Sports

What Happened to Christian Pulisic?

The best U.S. men’s soccer player has become a benchwarmer at Chelsea.

Pulisic holds the ball behind his head to take a throw-in
Christian Pulisic during the Premier League match between Leeds United and Chelsea at Elland Road in Leeds, England, on Saturday. Laurence Griffiths/Getty Images

We have entered the golden age of American male soccer players in Europe.

Twenty-year-old Sergiño Dest is firmly ensconced in Barcelona’s rotation. Italian juggernauts Juventus are clearly better when 22-year-old Weston McKennie plays. The presumptive champions of the Premier League are one sprained Ederson pinkie away from turning their title hopes over to Zack Steffen, a 25-year-old American goalkeeper. Yunus Musah—an 18-year-old midfielder with La Liga’s Valencia who is eligible to play for (and hotly pursued by) the national teams of England, Italy, and Ghana—announced Monday that he was committing his future to the U.S. Twenty-year-old Daryl Dike, an MLS rookie last season, kicked a ball so hard in England’s second division—seriously, it felt like watching Shaq shatter a backboard—that this week an unspecified EPL team offered to pay $10 million for him, and Orlando City turned it down.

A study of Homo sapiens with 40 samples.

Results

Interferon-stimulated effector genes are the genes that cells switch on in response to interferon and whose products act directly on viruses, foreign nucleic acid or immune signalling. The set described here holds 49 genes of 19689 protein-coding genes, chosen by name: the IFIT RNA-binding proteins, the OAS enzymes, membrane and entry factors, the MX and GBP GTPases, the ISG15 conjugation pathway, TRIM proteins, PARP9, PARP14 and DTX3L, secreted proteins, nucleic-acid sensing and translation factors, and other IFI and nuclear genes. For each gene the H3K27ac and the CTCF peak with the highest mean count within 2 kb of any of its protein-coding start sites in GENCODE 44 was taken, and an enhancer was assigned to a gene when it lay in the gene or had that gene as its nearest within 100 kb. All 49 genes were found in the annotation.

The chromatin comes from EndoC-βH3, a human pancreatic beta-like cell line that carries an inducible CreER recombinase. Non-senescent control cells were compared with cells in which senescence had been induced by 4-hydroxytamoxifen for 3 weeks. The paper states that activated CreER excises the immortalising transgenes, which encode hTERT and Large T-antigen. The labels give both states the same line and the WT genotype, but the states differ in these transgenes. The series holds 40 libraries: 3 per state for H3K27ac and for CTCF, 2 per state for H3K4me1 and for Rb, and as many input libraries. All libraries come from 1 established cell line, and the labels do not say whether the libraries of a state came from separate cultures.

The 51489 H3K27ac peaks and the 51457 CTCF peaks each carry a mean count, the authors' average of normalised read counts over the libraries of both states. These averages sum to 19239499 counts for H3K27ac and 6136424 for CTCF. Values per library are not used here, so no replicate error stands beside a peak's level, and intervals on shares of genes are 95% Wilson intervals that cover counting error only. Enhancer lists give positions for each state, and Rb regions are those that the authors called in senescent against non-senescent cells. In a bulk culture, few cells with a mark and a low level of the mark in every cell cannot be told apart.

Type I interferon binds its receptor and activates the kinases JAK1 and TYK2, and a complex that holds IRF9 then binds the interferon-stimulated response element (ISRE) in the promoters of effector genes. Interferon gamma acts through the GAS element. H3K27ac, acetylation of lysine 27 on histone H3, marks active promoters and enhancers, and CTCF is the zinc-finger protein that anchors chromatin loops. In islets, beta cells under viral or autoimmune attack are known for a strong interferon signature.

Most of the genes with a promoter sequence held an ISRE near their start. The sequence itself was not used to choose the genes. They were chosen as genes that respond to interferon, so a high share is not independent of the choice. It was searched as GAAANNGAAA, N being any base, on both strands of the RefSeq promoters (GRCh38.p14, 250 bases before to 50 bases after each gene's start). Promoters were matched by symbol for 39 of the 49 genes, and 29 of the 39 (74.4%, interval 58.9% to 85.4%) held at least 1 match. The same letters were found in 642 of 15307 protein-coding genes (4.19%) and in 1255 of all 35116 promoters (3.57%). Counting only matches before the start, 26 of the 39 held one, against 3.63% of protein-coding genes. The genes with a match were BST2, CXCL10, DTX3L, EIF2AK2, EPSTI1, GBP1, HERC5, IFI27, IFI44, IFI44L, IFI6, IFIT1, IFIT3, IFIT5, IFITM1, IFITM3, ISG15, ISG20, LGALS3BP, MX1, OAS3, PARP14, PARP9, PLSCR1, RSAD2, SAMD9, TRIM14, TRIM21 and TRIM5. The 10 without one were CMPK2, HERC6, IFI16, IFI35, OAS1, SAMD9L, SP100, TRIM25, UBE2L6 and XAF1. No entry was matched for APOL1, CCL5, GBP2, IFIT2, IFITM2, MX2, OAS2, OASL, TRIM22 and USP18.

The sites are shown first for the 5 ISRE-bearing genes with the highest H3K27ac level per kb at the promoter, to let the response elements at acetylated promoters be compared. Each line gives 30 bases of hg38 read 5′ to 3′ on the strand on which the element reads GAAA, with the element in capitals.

Pulisic holds a special, doted-upon place in the psyche of U.S. fans because he was the first of this thrilling generation of players, the ray of hope that heartened them through the darkness of the 2018 World Cup qualification failure. That’s why he still feels like the protagonist of U.S. men’s soccer, like his arc is the one that the team’s narrative hews most closely to. So despite the plethora of young American stars, when Pulisic is in trouble, it can feel like the entire enterprise is in trouble.










This pattern doesn’t have to cast a pall over the entire program, though. While Pulisic remains one of his country’s most dangerous players, enough talent has arrived to turn the team’s story into an ensemble drama, filled with ups (Timothy Weah and Josh Sargent are both looking good right now) and downs (Jordan Morris is hurt again; Gio Reyna has struggled lately). A healthy, in-form Pulisic makes the USMNT better, but that’s now true of a lot of players, which gives him a little more leeway to work himself back to his peak. Wherever that may be.